Wednesday, January 12, 2011

Iron Sharpening Iron In the 1961 Home Run Race!

Friendship is essential to our ability to grow as people. This is especially true for those of us who are Christians. As Solomon wrote in Proverbs 27:17 “Iron sharpens iron, a friend sharpens a friend.” Without the benefit of a true friend who will call us out when we do something wrong, encourage us when we are down, and celebrate with us when times are good, we would probably not truly experience all that God has for us in life.

This point is wonderfully depicted in the movie “61” which was HBO’s 2001 made for TV movie about the 1961 home run chase between fellow Yankees Mickey Mantle and Roger Maris. Most people (especially die hard baseball fans such as myself) know that it was ultimately Maris who won the home run contest by breaking what was then the all time home run record of 60 home runs hit in a season by Babe Ruth. What many didn’t know (myself included) was that Yankee fans were not really happy that Rodger Maris was the one who would break that record. Yankee fans wanted Mickey Mantle to be the player to accomplish this feat, because he was a lifelong Yankee, and Maris had just arrived as a free agent from Kansas City in 1961.

As the movie unfolds we see that both of these men develop a friendship, and while the media and fans were at odds over who would ultimately break the record held by the Babe, these two men were both supportive of each other, as we see in several scenes scattered throughout this finely crafted film.

Early on in the movie, Mantle is thrown out of a night club because he was drunk, which then leads him to drive while intoxicated causing him to crash his car into a lamppost. The hotel manager where Mantle was leasing a suite for the season informs Maris and couple of the other players who came to Mantle’s aid that this behavior was becoming more commonplace and he wouldn’t be able to keep the press away much longer. Realizing this would be extremely detrimental to the team and Mantle, Maris offers to allow Mantle to come out to the suburbs of New York and share an apartment with him another player. Mantle agrees, and Maris tells him that in order for the agreement to be in place, Mantle would not be allowed to bring any women back the apartment, and his alcohol consumption would be kept in check. Mantle, begrudgingly at first, agrees to the terms.

This would be an agreement that Maris would take seriously, as during one intense scene he confronted Mantle about his reckless behavior and how it was ultimately harming his body and his ability to play baseball. As it would turn out, Mantle would many years after he retired, become a Christian and confess that he was an alcoholic and a playboy during his playing years.

While Maris undoubtly had a positive impact on Mantle, it is important to note that Mantle also was a good friend to Maris. As I previously mentioned, Maris was not the fan favorite to break the home run record, and he actually received nasty letters in the mail telling him to ‘Die Maris Die” and even had someone call his wife and threaten to kidnap one of their children!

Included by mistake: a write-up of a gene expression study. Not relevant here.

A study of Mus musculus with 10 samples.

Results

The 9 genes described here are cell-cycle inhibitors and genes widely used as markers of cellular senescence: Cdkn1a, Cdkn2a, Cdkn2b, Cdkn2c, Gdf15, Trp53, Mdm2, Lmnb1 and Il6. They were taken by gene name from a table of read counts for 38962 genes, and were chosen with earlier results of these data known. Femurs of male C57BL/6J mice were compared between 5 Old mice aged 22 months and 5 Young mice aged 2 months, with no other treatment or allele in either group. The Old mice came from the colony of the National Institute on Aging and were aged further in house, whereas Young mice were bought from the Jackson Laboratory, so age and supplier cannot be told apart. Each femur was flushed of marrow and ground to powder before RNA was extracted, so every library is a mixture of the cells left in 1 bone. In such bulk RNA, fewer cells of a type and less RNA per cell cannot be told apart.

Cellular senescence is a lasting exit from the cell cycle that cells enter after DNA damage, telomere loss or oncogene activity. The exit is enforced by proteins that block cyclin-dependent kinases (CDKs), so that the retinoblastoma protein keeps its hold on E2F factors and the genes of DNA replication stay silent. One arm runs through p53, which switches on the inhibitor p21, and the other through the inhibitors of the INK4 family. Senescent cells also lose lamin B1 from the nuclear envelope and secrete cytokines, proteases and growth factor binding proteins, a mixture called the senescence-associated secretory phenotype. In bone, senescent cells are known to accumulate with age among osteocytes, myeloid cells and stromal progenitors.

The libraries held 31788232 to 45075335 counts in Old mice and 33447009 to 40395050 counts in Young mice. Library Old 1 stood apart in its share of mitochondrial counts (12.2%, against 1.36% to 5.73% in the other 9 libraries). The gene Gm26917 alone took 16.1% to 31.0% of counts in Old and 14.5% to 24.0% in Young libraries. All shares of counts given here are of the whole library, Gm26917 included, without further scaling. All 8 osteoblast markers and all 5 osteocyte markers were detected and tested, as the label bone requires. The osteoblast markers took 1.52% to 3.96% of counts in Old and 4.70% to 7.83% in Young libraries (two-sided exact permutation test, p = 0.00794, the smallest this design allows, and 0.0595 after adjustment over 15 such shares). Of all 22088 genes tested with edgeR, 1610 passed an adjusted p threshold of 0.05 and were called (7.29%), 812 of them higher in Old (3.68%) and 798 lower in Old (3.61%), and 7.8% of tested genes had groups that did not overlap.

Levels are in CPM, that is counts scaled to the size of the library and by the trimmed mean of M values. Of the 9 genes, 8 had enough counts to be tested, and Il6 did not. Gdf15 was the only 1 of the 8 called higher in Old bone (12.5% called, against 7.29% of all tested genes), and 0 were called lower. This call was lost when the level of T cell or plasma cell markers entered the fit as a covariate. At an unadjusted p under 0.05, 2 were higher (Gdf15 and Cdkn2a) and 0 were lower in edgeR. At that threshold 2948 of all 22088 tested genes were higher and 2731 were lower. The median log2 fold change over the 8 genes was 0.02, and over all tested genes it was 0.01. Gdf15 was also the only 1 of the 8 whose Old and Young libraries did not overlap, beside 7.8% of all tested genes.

During this time of turmoil for Maris, which caused his stress level to be so high his hair started to fall out, Mantle quietly encouraged him to not worry about what the fans said, and that most threats were not likely to be executed. In one great scene closer the end of the movie, Mantle sits down in Maris’ room with him and states that “people are stupid sometimes Rodger” and then tells him to not read his mail, and to focus on striving to break the record, and that he (Mantle) would be his biggest fan, because injuries were getting the best of him and he would no longer be able to stay in the race with Maris.

In fact, when Maris did break Babe Ruth’s record on the final day of the 1961 season, Mantle was in a New York hospital recovering from an infection. He was however, watching the game on TV and cheering Maris on the whole time!

Ultimately I think this story illustrates how a relationship that is Godly makes both people better. One example of a relationship like this in the Bible that comes to mind is David and Jonathan. In 1 Samuel 18-23 the Bible tells us how these two men encouraged each other and that Jonathan though he was the son of King Saul, who wanted David killed, vowed to protect David and spent many a time encouraging and defending David. The Bible tells us there was an instant bond when they met (18:1) and that they were friends until Jonathan was killed in battle (2 Samuel 1:4).

True friendship is rare, especially in the world in which we live today. In our fast paced culture friendship tends to be something a lot of people use to get ahead. More often than not people use each other and then drop each other once there is no more use for the friendship. This is a far cry from the kind of friendships we see in scripture, which are the kind we should most try to emulate. When Christ said in John 15:13 that “the greatest love is shown when people lay down their lives for their friends” he meant that friendship should be something we are willing to die for, and thus certainly not something we should view as disposable!